Turkey from 5-7 September 2012.
I had nothing to do with this, but it sounds wonderfully close to our own Mediterranean Hybridity Project:
This interdisciplinary conference is hosted by the Department of History, 29 Mayis University, in collaboration with The Mediterranean Seminar, University of California Santa Cruz; Bern University, Department of the History of the Art, TransMediterraneanStudies.
The deadline for session and paper submissions is 27 February 2012. For submission guidelines, see http://medworldsfour.wordpress.com/deadline/.
There are countless discussions and publications, case studies and unresolved questions, and eventually, research projects on “histories in and the history of the Mediterranean”, which all underline the commonalities and differences between the cultures and histories of the region. One issue should be kept in mind when considering these: It is no doubt very easy to be captivated by delightful similarities, overlooking diversity or, on the other extreme, to see insurmountable differences under the spell of modern national or global theories.
However, the Mediterranean, a place of constant flux, should be more accurately described as ‘hybrid’: Frontier societies and particularly shores share an amalgam of cosmopolitan socio-economic and political structures.
Shifts of ideas, modes of production, methodology, science, religion, language are among dynamics brought about successively by the various influxes to the region and yield hybrid outcomes. The dislocation of substances, structures, hierarchies, languages, religions and traditions in a domino effect facilitates the re-emergence of these social elements in the new location in novel and ingenious ways. In time, their imported or suspended character takes on a more permanent and assimilated character – a hybrid is born.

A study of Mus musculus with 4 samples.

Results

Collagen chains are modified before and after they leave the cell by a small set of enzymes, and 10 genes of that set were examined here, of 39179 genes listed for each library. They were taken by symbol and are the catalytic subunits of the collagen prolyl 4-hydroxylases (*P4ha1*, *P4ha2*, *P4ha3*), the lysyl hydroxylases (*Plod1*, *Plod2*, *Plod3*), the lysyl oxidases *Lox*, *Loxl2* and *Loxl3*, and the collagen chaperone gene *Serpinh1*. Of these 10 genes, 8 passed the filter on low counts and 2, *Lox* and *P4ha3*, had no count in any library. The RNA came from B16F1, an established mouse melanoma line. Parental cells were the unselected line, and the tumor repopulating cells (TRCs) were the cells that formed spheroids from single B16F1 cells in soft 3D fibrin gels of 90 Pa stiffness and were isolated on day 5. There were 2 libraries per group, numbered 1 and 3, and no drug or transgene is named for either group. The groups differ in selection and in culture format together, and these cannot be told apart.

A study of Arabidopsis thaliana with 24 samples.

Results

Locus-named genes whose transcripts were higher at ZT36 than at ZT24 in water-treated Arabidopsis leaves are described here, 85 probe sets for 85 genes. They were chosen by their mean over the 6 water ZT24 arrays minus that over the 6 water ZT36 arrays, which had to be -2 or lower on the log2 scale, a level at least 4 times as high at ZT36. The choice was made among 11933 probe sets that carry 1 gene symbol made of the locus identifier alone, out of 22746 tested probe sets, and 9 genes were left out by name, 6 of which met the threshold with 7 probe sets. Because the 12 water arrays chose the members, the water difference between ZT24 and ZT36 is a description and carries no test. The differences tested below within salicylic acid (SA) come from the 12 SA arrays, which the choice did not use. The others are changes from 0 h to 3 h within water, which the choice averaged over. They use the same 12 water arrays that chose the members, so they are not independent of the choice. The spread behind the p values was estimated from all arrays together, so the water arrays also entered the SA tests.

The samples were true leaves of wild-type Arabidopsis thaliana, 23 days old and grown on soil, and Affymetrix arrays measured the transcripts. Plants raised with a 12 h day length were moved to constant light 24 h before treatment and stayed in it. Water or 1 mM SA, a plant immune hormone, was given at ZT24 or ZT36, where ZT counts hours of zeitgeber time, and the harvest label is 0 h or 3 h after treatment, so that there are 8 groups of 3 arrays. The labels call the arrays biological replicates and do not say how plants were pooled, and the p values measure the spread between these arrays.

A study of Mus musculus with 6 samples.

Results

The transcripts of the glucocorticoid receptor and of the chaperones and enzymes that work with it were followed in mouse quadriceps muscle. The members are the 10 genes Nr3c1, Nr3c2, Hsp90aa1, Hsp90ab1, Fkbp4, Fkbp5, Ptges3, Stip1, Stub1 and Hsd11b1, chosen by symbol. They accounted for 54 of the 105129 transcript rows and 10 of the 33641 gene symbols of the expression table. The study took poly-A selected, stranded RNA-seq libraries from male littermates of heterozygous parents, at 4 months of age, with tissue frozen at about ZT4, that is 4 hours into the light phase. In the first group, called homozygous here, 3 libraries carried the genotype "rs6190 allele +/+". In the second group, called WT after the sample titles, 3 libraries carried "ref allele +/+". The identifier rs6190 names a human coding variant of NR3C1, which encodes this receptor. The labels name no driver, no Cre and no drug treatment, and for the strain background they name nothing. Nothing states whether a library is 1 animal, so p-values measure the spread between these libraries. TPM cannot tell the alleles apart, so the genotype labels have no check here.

Here, we would like to focus on both the source and the outcome of various fluxes, as well as the process of generation, aiming not just to detect origins or traces of separate entities but also to study the liminality of the emerging planes. Our goal is to focus on the effects of mixture upon various elements in the Mediterranean, dwelling on outcomes that are not easily labeled as one thing or other, defining the critical stages of change. This would, in a sense, be an extension of the macro-micro history dialectic and the diversity of the local
regional outcomes as analyzed by Braudel, Horden-Purcell, McCormick and Wickham which retain an undoubted appeal and interest as Magris and Matjievic have often pointed out.
For further information, see http://medworldsfour.wordpress.com/
See also the information on papers and panels.